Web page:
Identification of PDGFRα + cells in uterine fibroids – link between angiogenesis and uterine telocytes
Department of Anatomy, Jagiellonian University Medical College, Krakow, Poland
Department of Pathomorphology, Jagiellonian University Medical College, Krakow, Poland
Department of Gynecology and Oncology, Jagiellonian University Medical College, Krakow, Poland
Submission date: 2019-03-02
Final revision date: 2019-06-01
Acceptance date: 2019-06-14
Online publication date: 2019-07-22
Arch Med Sci 2022;18(5)
Telocytes (TCs), also called interstitial Cajal-like cells (ICLC), CD34+ cells or PDGFRa+ cells (platelet-derived growth factor receptor α positive cells), a new type of cell of mesenchymal origin, were described over one decade ago. The unique nature of these cells still deserves attention from the scientific community. Telocytes make homo- and heterocellular contact with myocytes, immunocytes and nerves, have their own immunohistochemical and secretome profiles and thus might regulate local regenerative processes including angiogenesis and fibrosis. The aim of our study was to observe the missing link between angiogenesis and telocytes in leiomyoma, the most common benign tumors affecting women of reproductive age.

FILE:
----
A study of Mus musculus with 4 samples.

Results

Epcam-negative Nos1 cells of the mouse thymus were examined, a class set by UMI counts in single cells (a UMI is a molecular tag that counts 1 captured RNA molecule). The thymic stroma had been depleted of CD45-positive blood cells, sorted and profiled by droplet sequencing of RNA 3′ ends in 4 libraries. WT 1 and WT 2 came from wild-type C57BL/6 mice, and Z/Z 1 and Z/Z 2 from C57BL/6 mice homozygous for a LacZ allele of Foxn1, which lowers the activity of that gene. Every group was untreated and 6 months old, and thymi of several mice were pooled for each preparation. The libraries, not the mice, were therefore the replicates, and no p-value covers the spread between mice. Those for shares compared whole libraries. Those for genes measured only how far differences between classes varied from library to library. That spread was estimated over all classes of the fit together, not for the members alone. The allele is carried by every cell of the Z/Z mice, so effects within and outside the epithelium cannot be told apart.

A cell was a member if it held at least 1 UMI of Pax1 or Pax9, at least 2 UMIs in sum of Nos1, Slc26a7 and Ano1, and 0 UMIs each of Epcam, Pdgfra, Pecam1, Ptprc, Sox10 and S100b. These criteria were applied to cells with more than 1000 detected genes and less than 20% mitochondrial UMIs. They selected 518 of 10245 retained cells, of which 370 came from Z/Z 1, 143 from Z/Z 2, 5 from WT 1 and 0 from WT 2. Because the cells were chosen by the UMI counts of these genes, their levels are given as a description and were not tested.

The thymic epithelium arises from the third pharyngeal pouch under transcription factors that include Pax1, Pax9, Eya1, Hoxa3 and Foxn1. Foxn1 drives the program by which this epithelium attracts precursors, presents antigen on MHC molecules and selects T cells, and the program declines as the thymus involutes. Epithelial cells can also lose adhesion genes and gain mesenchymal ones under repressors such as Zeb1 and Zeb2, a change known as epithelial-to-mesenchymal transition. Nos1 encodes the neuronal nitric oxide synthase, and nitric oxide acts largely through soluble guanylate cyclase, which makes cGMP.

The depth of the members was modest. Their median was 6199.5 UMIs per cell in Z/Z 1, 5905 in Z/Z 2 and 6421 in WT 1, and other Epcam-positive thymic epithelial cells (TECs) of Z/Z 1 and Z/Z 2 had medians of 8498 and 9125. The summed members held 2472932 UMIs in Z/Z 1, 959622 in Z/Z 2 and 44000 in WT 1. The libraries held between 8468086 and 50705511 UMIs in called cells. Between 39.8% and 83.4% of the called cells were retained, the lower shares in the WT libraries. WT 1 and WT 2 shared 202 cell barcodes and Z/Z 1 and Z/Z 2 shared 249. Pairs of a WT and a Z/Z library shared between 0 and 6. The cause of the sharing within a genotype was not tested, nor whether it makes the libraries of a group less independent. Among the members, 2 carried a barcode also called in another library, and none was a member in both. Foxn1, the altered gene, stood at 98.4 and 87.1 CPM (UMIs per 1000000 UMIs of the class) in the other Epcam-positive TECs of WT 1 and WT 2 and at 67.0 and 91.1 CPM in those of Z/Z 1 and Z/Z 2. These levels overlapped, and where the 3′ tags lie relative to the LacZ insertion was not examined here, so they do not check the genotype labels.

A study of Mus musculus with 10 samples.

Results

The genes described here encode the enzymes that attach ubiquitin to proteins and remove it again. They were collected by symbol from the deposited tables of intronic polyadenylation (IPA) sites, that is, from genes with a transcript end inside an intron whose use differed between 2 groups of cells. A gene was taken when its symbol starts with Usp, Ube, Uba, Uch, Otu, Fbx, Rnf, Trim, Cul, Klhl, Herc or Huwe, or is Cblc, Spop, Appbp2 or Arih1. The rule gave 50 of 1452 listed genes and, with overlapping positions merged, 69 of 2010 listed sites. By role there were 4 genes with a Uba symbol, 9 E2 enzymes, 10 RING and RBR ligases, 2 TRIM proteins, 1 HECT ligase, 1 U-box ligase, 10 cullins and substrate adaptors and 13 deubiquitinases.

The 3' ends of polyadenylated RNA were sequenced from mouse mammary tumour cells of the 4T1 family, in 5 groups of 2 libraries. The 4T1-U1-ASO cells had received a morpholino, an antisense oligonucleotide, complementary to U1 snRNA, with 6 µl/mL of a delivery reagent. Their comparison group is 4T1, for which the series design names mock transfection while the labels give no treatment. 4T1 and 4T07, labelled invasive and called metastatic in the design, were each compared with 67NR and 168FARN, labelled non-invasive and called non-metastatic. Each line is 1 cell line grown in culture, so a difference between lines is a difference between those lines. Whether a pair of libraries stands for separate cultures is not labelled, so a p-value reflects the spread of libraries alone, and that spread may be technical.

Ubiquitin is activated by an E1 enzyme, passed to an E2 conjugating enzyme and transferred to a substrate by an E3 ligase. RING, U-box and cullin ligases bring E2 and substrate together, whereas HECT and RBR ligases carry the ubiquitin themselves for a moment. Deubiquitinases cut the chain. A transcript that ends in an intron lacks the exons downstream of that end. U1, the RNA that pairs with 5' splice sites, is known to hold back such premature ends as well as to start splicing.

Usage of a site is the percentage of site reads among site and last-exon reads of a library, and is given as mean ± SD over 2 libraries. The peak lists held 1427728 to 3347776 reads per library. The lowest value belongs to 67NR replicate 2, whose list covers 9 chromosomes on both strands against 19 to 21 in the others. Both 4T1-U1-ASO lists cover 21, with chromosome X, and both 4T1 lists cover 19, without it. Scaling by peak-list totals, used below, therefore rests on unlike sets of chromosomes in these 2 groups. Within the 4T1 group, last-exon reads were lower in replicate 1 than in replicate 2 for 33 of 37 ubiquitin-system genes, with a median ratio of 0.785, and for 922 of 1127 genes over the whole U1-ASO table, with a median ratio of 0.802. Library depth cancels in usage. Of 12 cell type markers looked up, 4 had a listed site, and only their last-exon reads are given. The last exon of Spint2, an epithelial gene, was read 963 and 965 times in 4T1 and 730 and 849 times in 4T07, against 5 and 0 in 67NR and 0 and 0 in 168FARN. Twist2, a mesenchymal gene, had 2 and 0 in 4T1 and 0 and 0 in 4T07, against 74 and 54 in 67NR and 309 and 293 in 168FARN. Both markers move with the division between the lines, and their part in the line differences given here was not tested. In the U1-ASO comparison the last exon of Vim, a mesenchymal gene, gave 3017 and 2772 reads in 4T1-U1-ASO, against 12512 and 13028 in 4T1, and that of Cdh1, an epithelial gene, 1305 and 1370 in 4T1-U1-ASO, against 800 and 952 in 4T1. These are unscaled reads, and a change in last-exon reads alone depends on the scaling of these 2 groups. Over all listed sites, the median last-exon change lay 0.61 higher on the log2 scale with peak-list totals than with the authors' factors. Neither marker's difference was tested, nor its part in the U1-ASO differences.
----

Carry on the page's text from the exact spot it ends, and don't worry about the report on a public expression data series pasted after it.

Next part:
Material and methods:
We observed uterine tissue samples from leiomyoma, adjacent myometrium and unchanged tissue from patients with leiomyoma and control subjects using routine histology, histochemistry, immunofluorescence (CD117, CD31, CD34, PDGFRα, tryptase, sFlt-1) and image analysis methods.

The decline of the telocyte density in the foci of fibroids correlated with poor vascularization inside the leiomyoma. Moreover, the expression of sFlt-1 (anti-angiogenic-related factor) significantly increased inside a fibroid. In leiomyoma the decrease of telocyte and blood micro-vessel density was accompanied by prevalence of collagen deposits, unlike the unchanged myometrium.

Our results demonstrate TCs in human uterine fibroids and highlight their possible involvement in the pathogenesis of myometrial pathology in the context of angiogenesis.